Kate Hall was down to her final chance Sunday to win a second national high school title in the long jump, needing the best jump of her life to overtake her top rival.

She responded with a jump that surprised even herself.

Hall, of Casco, broke a 39-year-old national high school record with a jump of 22 feet, 5 inches at the New Balance Nationals in Greensboro, North Carolina.

Hall’s historic jump – her last of three attempts in the finals – puts her in a tie for ninth place in this year’s world rankings and tied for third among U.S. women with Brittney Reese, the 2012 Olympic gold medalist and a five-time world champion. It broke the oldest high school field event record – 22-3 set in 1976 by Kate McMillan of Raeford, North Carolina. McMillan won a silver medal at the 1976 Olympics.

Hall also broke the U.S. junior record (under age 20) of 22-3 3/4  set in 1982 by Carol Lewis, a bronze medalist at the 1983 World Championships and the sister of nine-time Olympic gold medalist Carl Lewis. And she surpassed the automatic qualifying standard of 21-11 for the 2016 Olympic trials, a mark Hall had been chasing all year.

Her best outdoor mark going into the meet was 20-11 last weekend at the New England high school championships. In March, she jumped 20-11 1/4 to win the high school indoor national championship.


“I skipped an entire foot. I was thinking tonight how years ago when I first went to nationals I saw people breaking national records. I never thought that it would be me,” said Hall, who competed for Lake Region High and will attend Iowa State this fall on a full athletic scholarship.

“I knew what the record was. And I thought that’s going to be really hard to break. It’s crazy.”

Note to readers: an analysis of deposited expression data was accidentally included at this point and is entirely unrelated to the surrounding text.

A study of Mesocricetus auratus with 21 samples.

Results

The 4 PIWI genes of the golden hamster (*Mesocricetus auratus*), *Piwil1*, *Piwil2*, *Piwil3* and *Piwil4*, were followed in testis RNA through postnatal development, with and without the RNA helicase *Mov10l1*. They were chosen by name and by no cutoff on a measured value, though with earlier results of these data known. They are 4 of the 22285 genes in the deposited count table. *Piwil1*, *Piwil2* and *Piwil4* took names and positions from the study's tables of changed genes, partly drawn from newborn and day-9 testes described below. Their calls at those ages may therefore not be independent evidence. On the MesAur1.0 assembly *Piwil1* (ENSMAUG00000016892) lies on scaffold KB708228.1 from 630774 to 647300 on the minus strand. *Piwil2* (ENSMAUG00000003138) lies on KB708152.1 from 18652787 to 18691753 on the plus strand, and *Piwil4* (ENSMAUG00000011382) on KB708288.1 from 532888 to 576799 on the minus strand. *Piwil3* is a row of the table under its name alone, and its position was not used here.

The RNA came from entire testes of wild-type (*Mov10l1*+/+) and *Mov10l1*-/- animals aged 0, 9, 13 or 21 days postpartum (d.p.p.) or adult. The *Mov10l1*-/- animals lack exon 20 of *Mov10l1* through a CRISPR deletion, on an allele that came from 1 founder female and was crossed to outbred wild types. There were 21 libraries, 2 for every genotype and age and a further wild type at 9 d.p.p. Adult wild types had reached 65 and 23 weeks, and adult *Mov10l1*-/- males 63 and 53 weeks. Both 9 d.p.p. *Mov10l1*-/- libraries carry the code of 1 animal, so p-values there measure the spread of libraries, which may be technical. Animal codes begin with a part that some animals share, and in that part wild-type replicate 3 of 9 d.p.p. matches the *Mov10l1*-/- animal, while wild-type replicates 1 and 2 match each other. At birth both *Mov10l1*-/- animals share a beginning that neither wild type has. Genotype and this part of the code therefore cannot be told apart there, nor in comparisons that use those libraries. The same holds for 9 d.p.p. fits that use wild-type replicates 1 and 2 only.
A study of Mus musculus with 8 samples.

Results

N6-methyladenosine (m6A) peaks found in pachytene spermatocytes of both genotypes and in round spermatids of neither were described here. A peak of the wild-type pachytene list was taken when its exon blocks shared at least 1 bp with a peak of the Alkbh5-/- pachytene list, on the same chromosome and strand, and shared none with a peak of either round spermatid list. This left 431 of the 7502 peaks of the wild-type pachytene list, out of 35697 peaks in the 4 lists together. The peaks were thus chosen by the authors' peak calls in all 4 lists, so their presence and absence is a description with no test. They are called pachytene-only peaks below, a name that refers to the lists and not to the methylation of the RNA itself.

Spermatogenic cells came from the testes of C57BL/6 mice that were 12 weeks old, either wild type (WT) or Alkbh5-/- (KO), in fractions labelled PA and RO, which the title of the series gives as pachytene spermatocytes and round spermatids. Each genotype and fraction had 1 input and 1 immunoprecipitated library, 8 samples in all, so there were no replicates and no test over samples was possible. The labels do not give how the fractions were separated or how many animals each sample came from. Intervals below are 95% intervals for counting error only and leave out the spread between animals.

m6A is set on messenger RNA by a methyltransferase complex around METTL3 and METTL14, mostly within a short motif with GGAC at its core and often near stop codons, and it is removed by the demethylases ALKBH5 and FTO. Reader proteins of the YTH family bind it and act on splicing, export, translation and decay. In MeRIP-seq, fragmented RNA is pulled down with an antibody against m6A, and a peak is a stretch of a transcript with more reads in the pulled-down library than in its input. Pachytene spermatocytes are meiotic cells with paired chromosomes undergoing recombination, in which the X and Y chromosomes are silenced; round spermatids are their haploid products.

On Hall’s first jump in the finals, she took off well behind the board and was disappointed with her distance of 17-0. Her second attempt was on the board and was measured at 20-11, putting her in second place.

“If I jumped 21 feet and finished second, I would have been happy. But if I jumped 20-11 and got second, I would have been disappointed. That was going through my mind,” Hall said.

“I was crazy nervous inside. I don’t know how I stayed calm. I looked calm. But I was freaking out inside.”

She took two deep breaths to relax, and had the presence of mind to move her starting mark back a few inches.


“I wanted to try to relax. But everyone was clapping,” Hall said. “And when I push harder, I’ve learned sometimes I foul. So I moved the mark back a few inches (so I wouldn’t run too hard and miss the board).”

She hit the board and felt herself get more height than ever before.

When Hall saw the measurement, it took awhile for it to sink in, she said.

“I didn’t know it was 22 feet. I was hoping it was 21 feet. When someone told me, I was walking around crying, holding my head, covering my eyes,” Hall said.

Hall also finished third in the 100 meters Saturday with a time of 11.37 seconds – the fastest ever by a Maine woman. That time is 0.04 away from the qualifying standard for the U.S. national championships.

Hall, who was home-schooled, was coached throughout high school by a South Portland trainer, Chris Pribish, who owns The Medically Oriented Gym.


“She is a special athlete and she never lets us down,” Pribish said. “Words can’t explain how proud I am of her hard work and accomplishments.”

She ends her high school career with six New England titles, four New England records and two national-meet records.

And she has done all of it as a Type 1 diabetic with celiac disease, which means on a normal day she must check her blood-sugar levels five times.   But during competition she might check it that many times in a few hours.

With increased activity, blood-sugar levels drop because muscles use up sugar. When blood-sugar levels are too low, muscles perform poorly. If blood-sugar levels drop significantly, a person can lose consciousness. So Hall must constantly monitor her levels during the biggest competitions.

Yet throughout her high school career, Hall has continually raised the bar on her goals and performances. She said Sunday’s jump was far beyond her expectations.

“This is crazy to think I’m (ninth) in the world as a high school senior,” Hall said.